Logo RGB Utah copy

Protecting the Bill of Rights in Utah since 1958

On The Hill: Looking Ahead

19 October 2016 Published in Legislative Reports

This article was first published in the Liberty Reporter: 2016 Fall NewsletterLegislative preview 2017 >>

It’s Fall, so right about the time when the ACLU of Utah looks into our crystal ball to predict the focus of the upcoming legislative session.  While we can’t know for sure the direction our state legislature will head, we know that the ACLU of Utah will be busy in 2017 to promote legislation that will uphold YOUR constitutional rights.  As with past years, criminal justice efforts are likely to dominate our legislative agenda.  We also intend to work on measures to improve women’s rights and to expand voting opportunities.  

Criminal Justice:

The ACLU of Utah, along with various partner organizations, is committed to reforming the practice of civil asset forfeiture in our state.  Civil asset forfeiture is the practice whereby police are given the authority to seize property believed to be used in connection with criminal activity, regardless of whether any criminal charges are ever filed. For several years now, we have worked to advance a legislative proposal to limit the ability of law enforcement to seize assets. We expect significant opposition to our bill, from both law enforcement and prosecutors, but intend to advocate vigorously for reform nonetheless. (See page 1 for more information and to learn how to take action to support asset forfeiture reform.)

The Utah State Legislature came very close to repealing the death penalty during the 2016 session.  In 2017, we will build upon our efforts; we will continue to push for repeal, while also defending against any proposals to expand the circumstances in which the death penalty may be imposed.  The ACLU of Utah is also currently involved with a group of government and other stakeholders tasked with assessing the costs associated with the death penalty in our state.

We continue to believe that state legislation is needed to improve so-called “Good Landlord Programs,” or city-level programs that offer financial incentives for landlords and property owners to participate in trainings and comply with various requirements.  The most problematic of these is the prohibition on renting to individuals with a criminal record within the last four years, and the requirement to evict any individual (as well as family members) if they are arrested by the police.  For people transitioning out of the criminal justice system, this provision can result in the inability to find stable housing while trying to restart their lives in a productive fashion. During the 2015 legislative session, we teamed up with Rep. Brian King to introduce a bill that would end this practice. We agreed to give several jurisdictions time to develop alternative programs, and so did not seek legislative change in 2016.  It is very likely, however, that legislation will prove necessary to ensure that people, especially those who most need a stable living environment, can find housing.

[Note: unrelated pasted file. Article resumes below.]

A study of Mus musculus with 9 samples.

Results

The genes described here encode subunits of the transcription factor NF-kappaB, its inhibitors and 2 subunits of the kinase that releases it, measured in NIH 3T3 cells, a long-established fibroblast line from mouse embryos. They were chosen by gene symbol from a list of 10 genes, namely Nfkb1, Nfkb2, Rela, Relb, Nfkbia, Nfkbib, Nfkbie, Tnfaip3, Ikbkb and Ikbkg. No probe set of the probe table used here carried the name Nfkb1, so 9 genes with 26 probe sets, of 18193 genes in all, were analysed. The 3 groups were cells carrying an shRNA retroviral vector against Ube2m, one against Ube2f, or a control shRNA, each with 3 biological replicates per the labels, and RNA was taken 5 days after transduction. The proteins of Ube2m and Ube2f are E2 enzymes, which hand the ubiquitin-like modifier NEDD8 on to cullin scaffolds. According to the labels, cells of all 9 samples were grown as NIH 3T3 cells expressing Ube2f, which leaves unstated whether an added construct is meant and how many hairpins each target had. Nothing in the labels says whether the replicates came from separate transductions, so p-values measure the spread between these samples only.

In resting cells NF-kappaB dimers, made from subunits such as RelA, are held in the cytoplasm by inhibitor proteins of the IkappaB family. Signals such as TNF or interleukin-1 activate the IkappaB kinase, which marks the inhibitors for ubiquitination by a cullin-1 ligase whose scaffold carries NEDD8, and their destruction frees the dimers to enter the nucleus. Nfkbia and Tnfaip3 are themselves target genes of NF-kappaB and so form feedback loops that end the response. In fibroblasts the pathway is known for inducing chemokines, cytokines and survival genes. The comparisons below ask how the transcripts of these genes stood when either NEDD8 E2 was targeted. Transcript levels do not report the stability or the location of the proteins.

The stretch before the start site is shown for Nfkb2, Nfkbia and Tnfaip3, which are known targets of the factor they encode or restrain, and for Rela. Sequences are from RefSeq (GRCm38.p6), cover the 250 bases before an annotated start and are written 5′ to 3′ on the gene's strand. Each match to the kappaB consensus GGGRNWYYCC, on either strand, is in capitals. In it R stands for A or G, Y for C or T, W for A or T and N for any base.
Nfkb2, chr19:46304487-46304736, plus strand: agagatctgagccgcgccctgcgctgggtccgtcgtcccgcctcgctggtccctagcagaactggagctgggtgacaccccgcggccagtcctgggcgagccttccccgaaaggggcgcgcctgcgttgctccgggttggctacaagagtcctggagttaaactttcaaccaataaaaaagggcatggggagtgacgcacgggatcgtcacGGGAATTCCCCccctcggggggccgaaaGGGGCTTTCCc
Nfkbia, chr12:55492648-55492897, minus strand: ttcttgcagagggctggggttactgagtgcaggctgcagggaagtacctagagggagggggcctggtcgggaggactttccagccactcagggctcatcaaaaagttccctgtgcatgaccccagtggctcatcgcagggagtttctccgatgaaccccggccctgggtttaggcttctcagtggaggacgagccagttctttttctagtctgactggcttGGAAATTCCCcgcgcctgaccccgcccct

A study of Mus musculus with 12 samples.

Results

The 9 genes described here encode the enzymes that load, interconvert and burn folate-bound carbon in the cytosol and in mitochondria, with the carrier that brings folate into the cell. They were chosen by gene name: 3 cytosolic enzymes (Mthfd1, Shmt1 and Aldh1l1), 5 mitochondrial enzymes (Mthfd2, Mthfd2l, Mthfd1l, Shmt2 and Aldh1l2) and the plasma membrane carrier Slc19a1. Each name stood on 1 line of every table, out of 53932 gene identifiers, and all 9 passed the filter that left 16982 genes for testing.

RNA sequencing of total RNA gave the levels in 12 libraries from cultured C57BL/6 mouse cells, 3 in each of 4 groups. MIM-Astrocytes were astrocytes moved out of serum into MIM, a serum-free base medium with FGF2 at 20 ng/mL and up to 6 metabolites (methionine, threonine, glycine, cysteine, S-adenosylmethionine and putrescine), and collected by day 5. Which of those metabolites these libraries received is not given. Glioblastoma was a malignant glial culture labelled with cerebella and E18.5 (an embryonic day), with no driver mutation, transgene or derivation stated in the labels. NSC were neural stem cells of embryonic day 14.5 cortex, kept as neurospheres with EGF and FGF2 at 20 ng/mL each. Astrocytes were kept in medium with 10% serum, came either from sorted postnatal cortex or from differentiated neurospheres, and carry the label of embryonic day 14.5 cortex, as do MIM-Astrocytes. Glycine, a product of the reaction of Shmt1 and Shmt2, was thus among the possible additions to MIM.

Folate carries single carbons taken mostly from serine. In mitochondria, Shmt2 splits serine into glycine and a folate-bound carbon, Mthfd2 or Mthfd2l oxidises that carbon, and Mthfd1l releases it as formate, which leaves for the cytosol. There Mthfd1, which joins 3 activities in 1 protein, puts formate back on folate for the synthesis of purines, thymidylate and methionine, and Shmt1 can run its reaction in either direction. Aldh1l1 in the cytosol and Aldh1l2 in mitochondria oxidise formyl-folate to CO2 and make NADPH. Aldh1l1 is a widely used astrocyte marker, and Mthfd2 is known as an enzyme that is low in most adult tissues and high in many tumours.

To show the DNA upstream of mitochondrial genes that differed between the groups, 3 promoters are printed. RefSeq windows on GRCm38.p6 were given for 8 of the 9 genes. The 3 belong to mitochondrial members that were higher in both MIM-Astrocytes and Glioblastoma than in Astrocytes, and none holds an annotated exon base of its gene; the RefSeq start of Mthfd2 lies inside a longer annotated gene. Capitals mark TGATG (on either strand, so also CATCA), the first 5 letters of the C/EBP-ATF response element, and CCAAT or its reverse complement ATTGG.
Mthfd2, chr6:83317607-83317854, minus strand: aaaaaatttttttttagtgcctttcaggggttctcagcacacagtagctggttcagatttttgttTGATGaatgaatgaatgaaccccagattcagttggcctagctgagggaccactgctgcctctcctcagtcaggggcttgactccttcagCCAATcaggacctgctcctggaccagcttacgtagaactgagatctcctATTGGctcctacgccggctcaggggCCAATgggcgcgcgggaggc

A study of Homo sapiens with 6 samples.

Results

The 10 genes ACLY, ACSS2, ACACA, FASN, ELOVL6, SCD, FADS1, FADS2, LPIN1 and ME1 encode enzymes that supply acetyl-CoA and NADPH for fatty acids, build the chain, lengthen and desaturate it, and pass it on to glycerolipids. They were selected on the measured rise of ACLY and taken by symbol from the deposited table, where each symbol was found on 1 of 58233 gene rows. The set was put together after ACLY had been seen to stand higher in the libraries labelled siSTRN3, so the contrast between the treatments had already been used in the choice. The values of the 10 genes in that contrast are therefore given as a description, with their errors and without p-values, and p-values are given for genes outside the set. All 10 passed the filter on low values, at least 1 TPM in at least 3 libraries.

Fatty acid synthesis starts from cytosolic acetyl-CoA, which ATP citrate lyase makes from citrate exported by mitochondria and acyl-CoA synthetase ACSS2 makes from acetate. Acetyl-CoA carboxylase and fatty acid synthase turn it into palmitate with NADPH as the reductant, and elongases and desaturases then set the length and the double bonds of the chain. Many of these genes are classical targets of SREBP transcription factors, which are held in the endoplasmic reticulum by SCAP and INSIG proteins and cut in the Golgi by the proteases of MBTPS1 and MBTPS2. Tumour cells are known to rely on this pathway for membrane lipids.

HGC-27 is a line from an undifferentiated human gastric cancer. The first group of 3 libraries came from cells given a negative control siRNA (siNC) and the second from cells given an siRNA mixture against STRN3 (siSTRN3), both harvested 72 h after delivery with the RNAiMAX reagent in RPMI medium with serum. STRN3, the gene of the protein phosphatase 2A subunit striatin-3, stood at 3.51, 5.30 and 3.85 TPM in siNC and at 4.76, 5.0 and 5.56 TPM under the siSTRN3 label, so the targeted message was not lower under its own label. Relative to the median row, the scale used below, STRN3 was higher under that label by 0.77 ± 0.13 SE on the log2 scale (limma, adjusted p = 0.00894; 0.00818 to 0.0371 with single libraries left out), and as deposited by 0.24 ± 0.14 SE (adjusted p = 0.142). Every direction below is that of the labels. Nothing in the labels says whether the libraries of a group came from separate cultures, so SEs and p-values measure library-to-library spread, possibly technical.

Other criminal justice issues we will work on in 2017 include: a bill to require annual reporting on school resource officer interactions with students, efforts to decriminalize medical marijuana for patients, a bill to reform aspects of the Utah juvenile justice system, and proposals to increase funding for indigent defense. 

Women’s Rights:

Working with the Utah Women’s Coalition, in 2015 and 2016 we successfully passed legislation to improve the lives of working women in our state, focusing on protecting the rights of pregnant and nursing women in the workplace.  In 2017, we will continue to seek ways to level the playing field for women in the workplace.  

We will advocate for state legislation to expand upon the federal Family Medical Leave Act, which currently requires Utah employers who employ 50 or more employees to provide job-protected and unpaid leave for qualified medical and family reasons. Our bill will lower the employee threshold, so that employees at smaller businesses may also take advantage of time off in the event of pregnancy or other medical conditions, or to care for family members.  

For the past two years, the ACLU of Utah has supported legislative proposals that provide for paid time off for certain employees after the birth or adoption of a child.  They say the third time’s the charm, and we’re certainly hoping that this will be the case for our paid parental leave bill.  This legislation will provide for 6 weeks of paid leave for executive agency employees in the state of Utah.  While this is a narrow category of employees, we’re hoping that this bill will pave the way for longer and broader paid leave opportunities, so that Utah women aren’t forced to choose between a career and having a family. 

Participatory Democracy:

In 2014, after many years of advocacy, the ACLU of Utah worked with Rep. Chavez-Houck to pass an Election Day Registration bill.  Election day registration allows a voter to both register to vote AND cast a ballot on election day.  The 2014 legislation created a 3 year, opt in pilot program, which is due to expire at the end of 2016. This year, we intend to work again with Rep. Chavez-Houck to make the pilot program both statewide and permanent.   

As always, the ACLU of Utah stands ready to work on legislation impacting the LGBT community, reproductive rights, and the right to privacy.  Keep up to date with our legislative efforts at www.acluutah.org/legislation.